Hindi filmmakers have shown interest in my stories: Kaushik Ganguly

National Award-winning Bengali director Kaushik Ganguly says many Bollywood producers have approached him.

By: PTI | New Delhi | Published:September 6, 2016 1:39 pm
Kaushik Ganguly, Kaushik Ganguly censor board, Kaushik Ganguly CBFC, Censor board, CBFC, Pahlaj Nihalani, Pahlaj Nihalani CBFC, Entertainment Kaushik Ganguly is one of the finest filmmakers of contemporary Bengali cinema thanks to his films like “Shabdo”, “Arekti Premer Golpo”, “Chotoder Chobi”, “Laptop” and “Apur Panchali”, all dealing with unusual subjects and themes.

National Award-winning Bengali director Kaushik Ganguly says many Bollywood producers have approached him for collaborations and he is looking at venturing into Hindi films in the next two years.

Ganguly is one of the finest filmmakers of contemporary Bengali cinema thanks to his films like “Shabdo”, “Arekti Premer Golpo”, “Chotoder Chobi”, “Laptop” and “Apur Panchali”, all dealing with unusual subjects and themes.

It is natural that big Bollywood producers would want to invest in his works, and the director-writer says he is equally eager to bring stories to the Hindi film viewers.

“There are producers who are connecting with me and asking for two-three stories. They will be given because we have a solid bank of story ideas. We have fantastic Bengali films and they need to go national. People are in touch with me and they are very sincere.

“I am eager to come to Hindi film audience and connect to them. There are lovely subjects waiting for them and it will be done within two years,” Ganguly told PTI on the sidelines of BRICS film festival here.

Bengal, Kerala, Karnataka, Tamil Nadu and Maharashtra have been churning out quality films in the recent past, so much so, that Hindi filmmakers have come forward to either back, adapt or promote these movies.

Ganguly is hopeful about this trend and feels with time, Indian cinema will become more inclusive. “It (inclusiveness) has already started. We have a large heritage of Bengali stories which were taken by Hindi filmmakers in the past. Like the works of Bimal Roy, Hrishikesh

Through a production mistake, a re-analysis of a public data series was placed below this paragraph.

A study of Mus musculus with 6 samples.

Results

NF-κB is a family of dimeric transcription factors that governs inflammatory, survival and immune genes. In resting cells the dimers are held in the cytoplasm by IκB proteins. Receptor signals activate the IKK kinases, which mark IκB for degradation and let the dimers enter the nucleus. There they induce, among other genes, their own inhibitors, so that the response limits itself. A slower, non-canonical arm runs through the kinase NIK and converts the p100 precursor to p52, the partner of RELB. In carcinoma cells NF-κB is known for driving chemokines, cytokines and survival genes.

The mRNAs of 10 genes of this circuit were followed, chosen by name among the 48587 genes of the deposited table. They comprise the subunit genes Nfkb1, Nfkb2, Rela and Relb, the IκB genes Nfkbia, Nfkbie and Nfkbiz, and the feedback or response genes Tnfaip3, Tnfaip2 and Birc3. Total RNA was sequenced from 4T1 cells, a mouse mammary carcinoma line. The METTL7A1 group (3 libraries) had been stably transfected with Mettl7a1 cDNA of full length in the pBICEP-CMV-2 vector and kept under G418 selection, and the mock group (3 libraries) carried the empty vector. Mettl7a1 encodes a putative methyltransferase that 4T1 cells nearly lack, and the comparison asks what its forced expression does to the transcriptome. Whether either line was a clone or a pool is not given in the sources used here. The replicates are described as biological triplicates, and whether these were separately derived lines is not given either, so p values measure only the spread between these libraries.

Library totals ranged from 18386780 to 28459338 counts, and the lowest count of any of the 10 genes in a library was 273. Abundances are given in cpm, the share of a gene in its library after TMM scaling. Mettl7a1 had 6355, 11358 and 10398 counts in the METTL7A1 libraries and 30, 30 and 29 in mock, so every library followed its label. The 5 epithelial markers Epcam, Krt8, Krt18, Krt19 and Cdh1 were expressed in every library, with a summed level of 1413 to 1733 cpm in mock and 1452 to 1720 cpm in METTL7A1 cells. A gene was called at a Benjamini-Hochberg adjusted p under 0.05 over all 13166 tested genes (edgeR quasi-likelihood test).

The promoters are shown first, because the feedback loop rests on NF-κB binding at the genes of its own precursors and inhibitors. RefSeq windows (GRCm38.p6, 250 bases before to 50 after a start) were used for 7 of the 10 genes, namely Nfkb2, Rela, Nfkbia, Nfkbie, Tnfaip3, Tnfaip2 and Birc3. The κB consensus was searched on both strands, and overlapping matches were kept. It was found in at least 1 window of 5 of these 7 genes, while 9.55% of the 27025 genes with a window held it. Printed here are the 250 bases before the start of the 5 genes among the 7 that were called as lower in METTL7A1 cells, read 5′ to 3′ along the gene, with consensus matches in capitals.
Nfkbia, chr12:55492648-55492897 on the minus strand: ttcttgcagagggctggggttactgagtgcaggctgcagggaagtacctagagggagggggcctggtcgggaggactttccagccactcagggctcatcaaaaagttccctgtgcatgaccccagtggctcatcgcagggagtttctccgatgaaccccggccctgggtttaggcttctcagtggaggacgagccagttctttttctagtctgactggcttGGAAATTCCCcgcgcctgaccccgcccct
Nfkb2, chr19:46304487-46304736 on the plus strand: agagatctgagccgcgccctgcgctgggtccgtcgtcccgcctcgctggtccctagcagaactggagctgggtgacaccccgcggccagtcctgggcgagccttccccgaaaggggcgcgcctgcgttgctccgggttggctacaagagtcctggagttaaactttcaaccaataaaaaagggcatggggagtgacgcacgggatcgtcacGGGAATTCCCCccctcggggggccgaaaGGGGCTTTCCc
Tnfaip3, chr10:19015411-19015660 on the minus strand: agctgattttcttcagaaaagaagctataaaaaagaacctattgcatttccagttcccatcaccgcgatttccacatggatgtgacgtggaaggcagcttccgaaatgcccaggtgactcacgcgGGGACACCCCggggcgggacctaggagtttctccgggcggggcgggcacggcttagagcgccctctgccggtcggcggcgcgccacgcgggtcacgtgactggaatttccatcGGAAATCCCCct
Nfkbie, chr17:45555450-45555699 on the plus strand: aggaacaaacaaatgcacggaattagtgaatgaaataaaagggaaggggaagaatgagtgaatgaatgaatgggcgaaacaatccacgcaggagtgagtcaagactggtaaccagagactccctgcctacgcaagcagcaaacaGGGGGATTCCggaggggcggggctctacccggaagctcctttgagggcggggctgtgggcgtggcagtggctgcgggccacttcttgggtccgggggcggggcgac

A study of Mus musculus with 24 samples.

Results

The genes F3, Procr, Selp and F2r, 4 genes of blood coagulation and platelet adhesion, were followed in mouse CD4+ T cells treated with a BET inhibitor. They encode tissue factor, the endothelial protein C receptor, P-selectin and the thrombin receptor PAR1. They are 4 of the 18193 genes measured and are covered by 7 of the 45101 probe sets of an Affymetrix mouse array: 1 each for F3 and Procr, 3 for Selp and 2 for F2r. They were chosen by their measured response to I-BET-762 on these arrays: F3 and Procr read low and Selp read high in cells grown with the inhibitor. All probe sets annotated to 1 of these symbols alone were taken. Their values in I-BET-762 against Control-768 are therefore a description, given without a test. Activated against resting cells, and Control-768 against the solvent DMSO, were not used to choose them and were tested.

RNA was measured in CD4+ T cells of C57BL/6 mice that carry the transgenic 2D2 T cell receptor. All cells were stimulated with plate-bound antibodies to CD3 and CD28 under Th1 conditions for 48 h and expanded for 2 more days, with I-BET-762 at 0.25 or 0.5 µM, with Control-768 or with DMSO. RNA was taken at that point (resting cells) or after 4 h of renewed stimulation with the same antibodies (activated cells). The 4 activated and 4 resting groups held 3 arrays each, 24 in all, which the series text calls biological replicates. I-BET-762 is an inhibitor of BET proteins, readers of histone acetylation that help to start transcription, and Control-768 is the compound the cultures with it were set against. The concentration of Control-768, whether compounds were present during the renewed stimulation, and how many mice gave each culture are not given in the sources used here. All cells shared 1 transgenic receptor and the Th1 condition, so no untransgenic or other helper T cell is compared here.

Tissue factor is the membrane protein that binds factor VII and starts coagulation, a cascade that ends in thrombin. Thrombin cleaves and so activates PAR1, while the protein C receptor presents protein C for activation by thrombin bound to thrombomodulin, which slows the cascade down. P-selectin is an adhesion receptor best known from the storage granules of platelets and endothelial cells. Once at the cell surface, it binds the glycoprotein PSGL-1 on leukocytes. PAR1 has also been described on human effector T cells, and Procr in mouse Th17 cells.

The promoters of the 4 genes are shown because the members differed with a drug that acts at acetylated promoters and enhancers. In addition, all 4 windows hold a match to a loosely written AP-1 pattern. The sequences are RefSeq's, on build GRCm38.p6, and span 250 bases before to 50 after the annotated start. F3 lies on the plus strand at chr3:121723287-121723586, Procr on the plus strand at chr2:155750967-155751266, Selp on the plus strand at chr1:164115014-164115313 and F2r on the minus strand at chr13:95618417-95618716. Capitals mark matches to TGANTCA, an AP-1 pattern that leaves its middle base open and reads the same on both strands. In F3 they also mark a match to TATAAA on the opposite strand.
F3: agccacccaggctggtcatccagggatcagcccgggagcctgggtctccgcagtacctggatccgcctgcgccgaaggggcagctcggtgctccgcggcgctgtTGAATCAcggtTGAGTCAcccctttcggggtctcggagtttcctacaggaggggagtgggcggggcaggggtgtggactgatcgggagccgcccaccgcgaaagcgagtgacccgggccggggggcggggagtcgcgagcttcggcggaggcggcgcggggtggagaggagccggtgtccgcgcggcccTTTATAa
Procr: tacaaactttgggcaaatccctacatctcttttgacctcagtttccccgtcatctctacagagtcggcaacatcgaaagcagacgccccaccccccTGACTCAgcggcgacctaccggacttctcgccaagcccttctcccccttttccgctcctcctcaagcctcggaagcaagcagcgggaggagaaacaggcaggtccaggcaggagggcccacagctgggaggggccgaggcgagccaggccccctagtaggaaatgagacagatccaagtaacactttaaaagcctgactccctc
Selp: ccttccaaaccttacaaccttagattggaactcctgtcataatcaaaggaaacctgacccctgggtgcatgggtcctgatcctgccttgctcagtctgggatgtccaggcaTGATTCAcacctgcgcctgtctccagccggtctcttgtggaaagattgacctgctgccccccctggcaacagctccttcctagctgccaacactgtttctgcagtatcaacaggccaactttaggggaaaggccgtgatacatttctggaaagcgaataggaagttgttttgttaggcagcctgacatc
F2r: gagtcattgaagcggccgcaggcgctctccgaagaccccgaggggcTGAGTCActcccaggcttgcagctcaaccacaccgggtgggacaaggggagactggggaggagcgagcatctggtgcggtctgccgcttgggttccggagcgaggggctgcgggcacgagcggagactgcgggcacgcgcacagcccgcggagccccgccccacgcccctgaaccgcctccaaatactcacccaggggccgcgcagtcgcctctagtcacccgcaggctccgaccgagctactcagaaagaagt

Mukherjee and Shakti Samanta… Today, Mahesh Bhatt is backing a film of Srijit Mukherji.”

The director says besides great stories, the fact that shooting in Kolkata is quite cheap also attracts filmmakers to make movies there. “Shooting a film in Kolkata is much cheaper. Films like ‘Piku’ and ‘Kahaani’ have been shot there. It cuts down on the budget to a large extent and we have new ideas.” Ganguly, however, believes the subjects and their treatment that suit the sensibility of Bengali audience might not resonate with other viewers.

Citing the example of Bollywood superstar Aamir Khan’s “Taare Zameen Par”, the director says had it been made in Bengal it would have been far more serious. “We have to keep one thing in mind that subjects suitable for Bengal may not be suitable for Indian audience. Their
approach towards serious issues is different.

“If you give the subject of ‘Taare Zameen Par’ to a Bengali filmmaker he/she would make a different film. There is a critical demarcation here. We would make a very deep and serious film on that issue, while the Hindi version was emotional and entertaining. Same goes for ‘3 Idiots’ or ‘Vicky Donor. Their approach is very national.”

Ganguly is all for inclusiveness and hence he objects to the term ‘regional’ for non-Hindi films. The filmmaker says every film made in the country is an Indian movie at the end of the day so they should not be categorised.

“I object to the concept of regional films. Films cannot be regional. Like athletes, you don’t call them regional, you call them Indian athletes. So, all these films are Indian films. We should get the honour of National films.” The director further says that the government should bring in a centralised distribution system to promote and screen non-Hindi films across the country so that they reach a wider audience.

“All movies have subtitles so, government should circulate these films everywhere. For that, we need centralised body and distribution system where we can submit our films.

“If they think these films are eligible for screenings they can take it and pay the producers to acquire them. If they start such a system, it will be good for so-called regional films.”